Display panel prices exhibited a remarkable QoQ increase in 3Q20, a rare occurrence in recent years, according to TrendForce’s latest investigations. In particular, prices for NB (notebook computer) panels increased by 5-10% QoQ during the quarter, while the corresponding increase in TV panel prices reached above 30%. Since the supply of large-sized panels is expected to exceed demand by a mere 0.2% in 4Q20, the shortage situation for certain panel applications is expected to persist, meaning panel prices may potentially increase by as much as 10% QoQ in 4Q20.
TrendForce Research Vice President Eric Chiou believes that TV panel quotes may remain at a peak level after continuously rising in 4Q20, primarily because the currently stable state of slightly tight supply is yet to be disrupted. Due to persistently high demand for IT panels, panel makers are yet to transition their production capacity from IT panels to TV panels on a large scale in the short run even though TV panels have been seeing a noticeable rise in both quotes and profitability. At the same time, the supply of TV panels has become somewhat constrained due to factors such as the shuttering of SDC’s panel manufacturing operations and the slight shortage in Gen 10.5 glass sheets. In light of these supply-side limitations, the global supply of TV panels is expected to decrease by 3.8% QoQ in 4Q20.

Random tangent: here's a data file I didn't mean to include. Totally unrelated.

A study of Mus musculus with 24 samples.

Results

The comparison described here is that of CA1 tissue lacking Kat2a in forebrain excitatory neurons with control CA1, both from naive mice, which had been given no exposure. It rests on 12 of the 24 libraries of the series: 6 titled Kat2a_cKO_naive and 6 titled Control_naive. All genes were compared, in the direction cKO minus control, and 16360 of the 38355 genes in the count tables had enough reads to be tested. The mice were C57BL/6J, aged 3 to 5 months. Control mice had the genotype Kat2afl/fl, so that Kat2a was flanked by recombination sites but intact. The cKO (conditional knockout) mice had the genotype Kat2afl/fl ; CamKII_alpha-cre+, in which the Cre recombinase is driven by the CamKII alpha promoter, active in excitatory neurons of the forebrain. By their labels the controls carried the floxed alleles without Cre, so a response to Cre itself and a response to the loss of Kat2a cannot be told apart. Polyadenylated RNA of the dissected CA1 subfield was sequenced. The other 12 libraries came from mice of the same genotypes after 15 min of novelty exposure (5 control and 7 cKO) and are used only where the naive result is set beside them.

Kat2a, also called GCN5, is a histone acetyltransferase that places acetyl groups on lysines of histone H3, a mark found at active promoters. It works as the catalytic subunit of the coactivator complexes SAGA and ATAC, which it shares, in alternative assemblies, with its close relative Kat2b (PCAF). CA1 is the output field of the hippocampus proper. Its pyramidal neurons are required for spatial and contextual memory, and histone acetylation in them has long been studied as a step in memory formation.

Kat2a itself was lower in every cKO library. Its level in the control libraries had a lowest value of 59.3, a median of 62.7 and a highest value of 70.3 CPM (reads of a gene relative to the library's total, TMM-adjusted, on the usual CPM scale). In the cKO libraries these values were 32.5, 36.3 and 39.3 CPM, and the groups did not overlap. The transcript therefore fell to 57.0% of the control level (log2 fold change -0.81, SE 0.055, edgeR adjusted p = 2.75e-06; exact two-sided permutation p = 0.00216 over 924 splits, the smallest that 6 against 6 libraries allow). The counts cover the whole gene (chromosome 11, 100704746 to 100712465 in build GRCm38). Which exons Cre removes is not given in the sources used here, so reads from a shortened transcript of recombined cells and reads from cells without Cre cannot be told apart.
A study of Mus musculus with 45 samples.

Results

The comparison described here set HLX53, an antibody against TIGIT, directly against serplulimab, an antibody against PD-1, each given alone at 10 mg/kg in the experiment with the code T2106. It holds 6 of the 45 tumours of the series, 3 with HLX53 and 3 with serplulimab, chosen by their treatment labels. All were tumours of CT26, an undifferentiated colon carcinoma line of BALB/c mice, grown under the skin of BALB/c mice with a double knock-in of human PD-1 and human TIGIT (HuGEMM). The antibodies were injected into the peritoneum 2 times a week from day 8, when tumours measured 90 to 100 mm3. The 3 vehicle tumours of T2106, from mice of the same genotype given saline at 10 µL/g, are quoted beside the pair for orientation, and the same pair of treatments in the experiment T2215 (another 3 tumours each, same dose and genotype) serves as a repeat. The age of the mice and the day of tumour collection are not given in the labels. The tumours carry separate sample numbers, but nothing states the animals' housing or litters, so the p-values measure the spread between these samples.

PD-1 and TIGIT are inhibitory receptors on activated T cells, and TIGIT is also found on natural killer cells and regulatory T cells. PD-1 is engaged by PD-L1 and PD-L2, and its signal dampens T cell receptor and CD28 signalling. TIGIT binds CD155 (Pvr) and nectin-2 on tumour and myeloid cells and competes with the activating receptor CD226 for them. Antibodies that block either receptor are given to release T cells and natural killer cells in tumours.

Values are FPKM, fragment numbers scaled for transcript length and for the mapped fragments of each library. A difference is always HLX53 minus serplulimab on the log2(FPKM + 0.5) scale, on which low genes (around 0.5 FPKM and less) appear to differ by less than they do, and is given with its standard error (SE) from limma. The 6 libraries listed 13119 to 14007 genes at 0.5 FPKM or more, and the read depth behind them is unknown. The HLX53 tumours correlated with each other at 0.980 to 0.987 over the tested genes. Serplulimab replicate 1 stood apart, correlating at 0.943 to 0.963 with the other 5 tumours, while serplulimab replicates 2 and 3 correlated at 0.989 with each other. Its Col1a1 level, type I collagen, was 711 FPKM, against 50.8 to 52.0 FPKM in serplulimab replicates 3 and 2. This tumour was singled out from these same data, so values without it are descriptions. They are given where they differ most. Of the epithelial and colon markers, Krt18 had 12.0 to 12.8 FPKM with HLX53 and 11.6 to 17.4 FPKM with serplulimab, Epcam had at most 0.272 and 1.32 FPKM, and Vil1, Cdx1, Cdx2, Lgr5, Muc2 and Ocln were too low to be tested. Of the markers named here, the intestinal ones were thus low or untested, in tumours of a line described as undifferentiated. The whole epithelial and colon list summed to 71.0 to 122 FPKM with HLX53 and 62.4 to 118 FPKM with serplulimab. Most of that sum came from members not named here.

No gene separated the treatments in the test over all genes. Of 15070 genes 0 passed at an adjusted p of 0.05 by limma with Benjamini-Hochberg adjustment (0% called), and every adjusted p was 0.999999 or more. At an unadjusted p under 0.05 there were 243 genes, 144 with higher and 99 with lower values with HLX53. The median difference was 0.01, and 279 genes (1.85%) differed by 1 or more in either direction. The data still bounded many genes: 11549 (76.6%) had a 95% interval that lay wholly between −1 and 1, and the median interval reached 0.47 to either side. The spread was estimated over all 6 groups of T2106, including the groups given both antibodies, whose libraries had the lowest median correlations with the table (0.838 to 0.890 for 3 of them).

On the other hand, the most pressing concern on the demand-side of the market is whether TV brands will be forced to raise prices on their TV sets after TV panels undergo a significant price hike. The upturn in TV prices will likely hamper the sales performance of TV sets. Notably, channel distributors and TV brands have negotiated to suppress the upturn in TV prices until possibly early 2021 in the North American market, which is the market with the most remarkable sales performance globally this year. If retail pricing proceeds as negotiated, then the deferred price hike in TV sets, as opposed to an immediate price hike, will have less of an impact on TV panel demand in the short run. Although TV panel prices have now returned to their level from nearly two years ago, they may still increase by about 10% QoQ in 4Q20 due to the interaction of such factors as panel capacity allocation on the supply side and market uncertainties on the demand side.
With regards to the various IT panels, demand for NB panels remains high. More specifically, the shortage of 11.6-inch panels, which are highly correlated with Chromebooks, is unlikely to be fully resolved. As such, the 2-4% MoM increase in 11.6-inch panel prices is expected to persist until 4Q20. On the other hand, the overall demand for desktop monitor panels falls short of the demand for NB panels, but the tight supply of gaming monitors and curved monitors is expected to result in either unchanged prices or a slight QoQ increase for desktop monitor panels in 4Q20.